Ecosystem Ecology and Biogeochemistry


Ecosystem ecology and biogeochemistry seeks to understand how the physiological activities of organisms interact with the physical environment to control the flow of energy and cycling of nutrients in aquatic and terrestrial ecosystems.
Italics = secondary appointment in EEB, can serve as graduate co-chair only

Joel D. Blum (can serve as graduate co-chair only)

Joel Blum's research interests are in geochemical controls on ecosystems, and trace element and isotope geochemistry.

Brad Cardinale (can serve as graduate co-chair only)

Brad Cardinale uses theory, experiments, and observational studies to address questions aimed at understanding how human alteration of the environment impacts the biotic diversity of communities and, in turn, how this loss can affect fluxes of energy and matter that are fundamental to all biological processes. His research features three primary branches: biodiversity and ecosystem processes, community assembly, and restoration ecology.

Vincent Denef

Vincent Denef uses metagenomic and metaproteomic approaches to gather an improved understanding of microbial population dynamics and community functioning within ecosystem context. He is particularly interested in the connection between genomic variation and altered ecological behavior, and how short- and long-term environmental change can drive both. While he has been studying these concepts in systems ranging from abandoned mines to the human gastrointestinal tract, he is currently focusing on freshwater systems such as the Laurentian Great Lakes.

Melissa Duhaime (can serve as graduate co-chair only)

Melissa Duhaime focuses on marine microbiology, spanning two themes: (i) ocean plastic-microbe associations and (ii) marine virus (meta)genomics. For the first, she investigates the role of microbes in the fate of marine plastics, and the role of plastics in marine microbial community structure and function in natural (N. Pacific Gyre, North Sea) and engineered (Biosphere2 Ocean) systems. For the second, she uses genomic tools to investigate evolution and ecology of ocean viruses (phages) and their microbial hosts, with particular interest in the role of nutrient limitation on infection dynamics and virus-host evolution.

Mark Hunter

Mark Hunter's research interests include plant-animal interactions, ecosystem ecology, biodiversity and population dynamics. His research links population processes with ecosystem processes in terrestrial environments and explores the mitigation of global environmental change.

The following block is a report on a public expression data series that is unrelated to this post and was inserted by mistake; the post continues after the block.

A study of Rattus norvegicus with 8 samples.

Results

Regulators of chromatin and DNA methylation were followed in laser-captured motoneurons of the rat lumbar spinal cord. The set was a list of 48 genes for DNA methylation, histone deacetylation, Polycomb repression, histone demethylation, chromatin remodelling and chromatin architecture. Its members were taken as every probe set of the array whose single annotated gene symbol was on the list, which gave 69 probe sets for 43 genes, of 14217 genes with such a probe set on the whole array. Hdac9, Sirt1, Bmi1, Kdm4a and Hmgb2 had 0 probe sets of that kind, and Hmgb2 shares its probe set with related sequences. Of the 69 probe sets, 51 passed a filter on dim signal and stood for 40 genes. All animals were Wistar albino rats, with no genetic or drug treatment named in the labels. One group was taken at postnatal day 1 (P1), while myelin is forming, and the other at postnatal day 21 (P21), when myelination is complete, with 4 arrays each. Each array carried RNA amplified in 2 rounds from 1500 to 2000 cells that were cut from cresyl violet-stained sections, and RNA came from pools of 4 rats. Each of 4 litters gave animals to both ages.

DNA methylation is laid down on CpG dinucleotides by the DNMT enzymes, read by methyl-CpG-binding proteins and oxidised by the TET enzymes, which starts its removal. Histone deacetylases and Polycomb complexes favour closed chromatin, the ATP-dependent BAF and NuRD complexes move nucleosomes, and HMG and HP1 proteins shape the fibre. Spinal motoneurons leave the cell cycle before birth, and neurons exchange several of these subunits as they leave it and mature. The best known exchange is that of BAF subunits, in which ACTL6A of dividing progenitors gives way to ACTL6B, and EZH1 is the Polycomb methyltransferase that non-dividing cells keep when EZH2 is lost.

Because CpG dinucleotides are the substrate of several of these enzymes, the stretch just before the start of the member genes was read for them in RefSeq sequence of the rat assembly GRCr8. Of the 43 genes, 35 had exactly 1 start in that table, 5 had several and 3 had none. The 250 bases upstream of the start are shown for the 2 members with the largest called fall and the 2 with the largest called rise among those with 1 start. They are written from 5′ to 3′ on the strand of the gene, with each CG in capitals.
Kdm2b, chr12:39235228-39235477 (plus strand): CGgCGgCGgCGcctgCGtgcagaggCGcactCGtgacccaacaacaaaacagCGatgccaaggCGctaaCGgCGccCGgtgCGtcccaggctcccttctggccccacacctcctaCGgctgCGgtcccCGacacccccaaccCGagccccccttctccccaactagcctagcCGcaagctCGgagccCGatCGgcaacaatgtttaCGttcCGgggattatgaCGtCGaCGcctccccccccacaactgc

George Kling

George Kling's research interests are in ecosystem ecology and aquatic biogeochemistry.

John Lehman

John Lehman's research interests are in limnology, aquatic science, and nutrient and trophic dynamics.

Knute Nadelhoffer

Knute Nadelhoffer's research interests are in ecosystem ecology, terrestrial biogeochemistry and global change.

Tom Schmidt

Thomas Schmidt's laboratory is focused on the physiology and ecology of microbes. We routinely develop and apply nucleic acid-based methods to explore and understand patterns of diversity and function of microbial communities, and to guide cultivation efforts. Our research is currently focused on two microbial communities: those found in terrestrial environments and are involved in the flux of greenhouse gases, and microbes that constitute mammalian microbiome. As we develop a better appreciation for the relationship between the structure and function of these microbial communities, we are conducting research to uncover fundamental principles that explain distribution patterns of microbial populations.

Donald Zak (can serve as graduate co-chair only)

Donald Zak's work draws on ecology, microbiology, and biochemistry and is focused at several scales of understanding, ranging from the molecular to the ecosystem scale. Current research centers on understanding the link between plant and microbial activity within terrestrial ecosystems, and the influence climate change may have on these dynamics. Teaching includes courses in soil ecology and ecosystem ecology.